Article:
Wednesday, May 18, 2011

In case you missed it--Spyderco Michael Walker CF with ZDP-189

Michael Walker may not have invented the liner lock, but he certainly perfected. His innovations, I believe, were to add the ball detent (keeping the blade closed) and refining the interface between the lock and the blade. Either way, most give him credit for the modern liner lock. Quite frankly, the liner lock is highly underrated--overlooked in favor of the frame lock or supposedly flimsier than the lock back or other mechanisms. In reality, a well designed liner lock is a great way to stop a blade from closing. It allows for very smooth opening and closing (unlike a lock back) and it is very size and space efficient. Spyderco gave tribute to this fantastic lock by designing its first Sage knife around it.

The Spyderco Michael Walker CF in ZDP-189 shares a lot of traits with the Sage I, but has a few upgrades.



A bit of history, first. The first Michael Walker Spyderco, the C22, was originally released about in 1994 and again in 1999 ago without carbon fiber scales and it had an ATS-34 blade as opposed to a ZDP-189 blade. Those two C22 models were produced in Switzerland by Klotzli (link is to a Google Translate version of their page which is in German), a high end European maker. Retail on the original C22 was $299.95 and on the 1999 version $455.95, staggeringly high prices for a Spyderco blade. But the design, the steel, and the manufacturing were all among the best in the world at the time, especially for a production knife. Today, these versions of the C22 regularly fetch more than $600 on the secondary market (places like cuttingedge.com and eBay). They are both well-made and highly sought after.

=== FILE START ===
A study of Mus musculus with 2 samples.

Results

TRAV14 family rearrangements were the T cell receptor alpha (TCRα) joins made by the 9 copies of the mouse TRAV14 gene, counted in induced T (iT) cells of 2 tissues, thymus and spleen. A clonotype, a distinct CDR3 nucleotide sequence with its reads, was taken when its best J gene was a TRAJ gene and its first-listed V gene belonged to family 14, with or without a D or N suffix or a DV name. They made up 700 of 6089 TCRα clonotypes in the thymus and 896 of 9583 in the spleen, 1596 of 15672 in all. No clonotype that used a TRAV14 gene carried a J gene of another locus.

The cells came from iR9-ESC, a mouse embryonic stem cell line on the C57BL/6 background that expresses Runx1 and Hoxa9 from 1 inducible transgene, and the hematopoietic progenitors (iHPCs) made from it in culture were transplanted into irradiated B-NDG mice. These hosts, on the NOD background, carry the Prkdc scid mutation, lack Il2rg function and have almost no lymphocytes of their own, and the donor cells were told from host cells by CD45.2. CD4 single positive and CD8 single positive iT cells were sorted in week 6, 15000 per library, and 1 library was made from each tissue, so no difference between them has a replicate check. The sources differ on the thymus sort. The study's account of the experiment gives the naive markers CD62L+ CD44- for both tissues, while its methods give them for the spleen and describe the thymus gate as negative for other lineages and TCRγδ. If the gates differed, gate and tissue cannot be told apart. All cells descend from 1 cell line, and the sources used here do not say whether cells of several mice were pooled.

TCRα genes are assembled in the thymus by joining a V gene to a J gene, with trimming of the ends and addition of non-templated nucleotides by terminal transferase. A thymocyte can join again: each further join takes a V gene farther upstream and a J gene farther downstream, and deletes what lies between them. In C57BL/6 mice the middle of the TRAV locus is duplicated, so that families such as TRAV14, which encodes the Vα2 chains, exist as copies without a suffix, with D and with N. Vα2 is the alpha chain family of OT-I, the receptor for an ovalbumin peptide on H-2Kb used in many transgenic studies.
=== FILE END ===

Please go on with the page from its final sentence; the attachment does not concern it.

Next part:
And it is easy to see why from a design perspective. The liner lock in the knife is, obviously, well designed, coming from the master himself. The blade is a nice utilitarian shape and a great size (around 2 1/2 inches, the perfect EDC size, in my opinion). Add in all the touches that come with a Klotzli made blade and there is ample reason why this knife was a home run from the outset.

The sprint run recently released by Spyderco was not made by Klotzli. It was, instead, made in Seki City Japan. It has carbon fiber scales, a premium handle material, and a ZDP-189 blade. The heritage from the first knife is still there and it still has among the best materials available making this knife another potential collector's item. I don't think it will rise to the prices of its predecessors, because of where it was made and its initial retail price, but it seems likely to appreciate in value.

Right now, thefind, has them available at a few online retailers for around $100. If I were in the market for a knife, I'd snap one up, based on size and materials alone. At that price, this is a great USER knife. But it has more potential than that. Given the past history with C22 models, this knife just might double its value in ten years.

So in case you missed it, it might be worth tracking one of these down before they disappear only to re-emerge with a much higher price tag in the future.

1 comment:

  1. Seki City, Japan produces the ABSOLUTE best steels on the market, hands down. Because of Japan's commitment to steel technology, cleaner and newer metal factories, they produce metal that is of a higher purity than ANY other place in the world. This is not my personal opinion, this has been proven many times over with countless methods like cutting test. For example, this lil' ZDP-189 will cut 4-6x more 1 inch rope than any US or German steels on the market! US custom makers are catching on, US metallurgists need to keep the pace.

    P.S. By today's standards, it is a misconception that Solingen produces fine knife steels.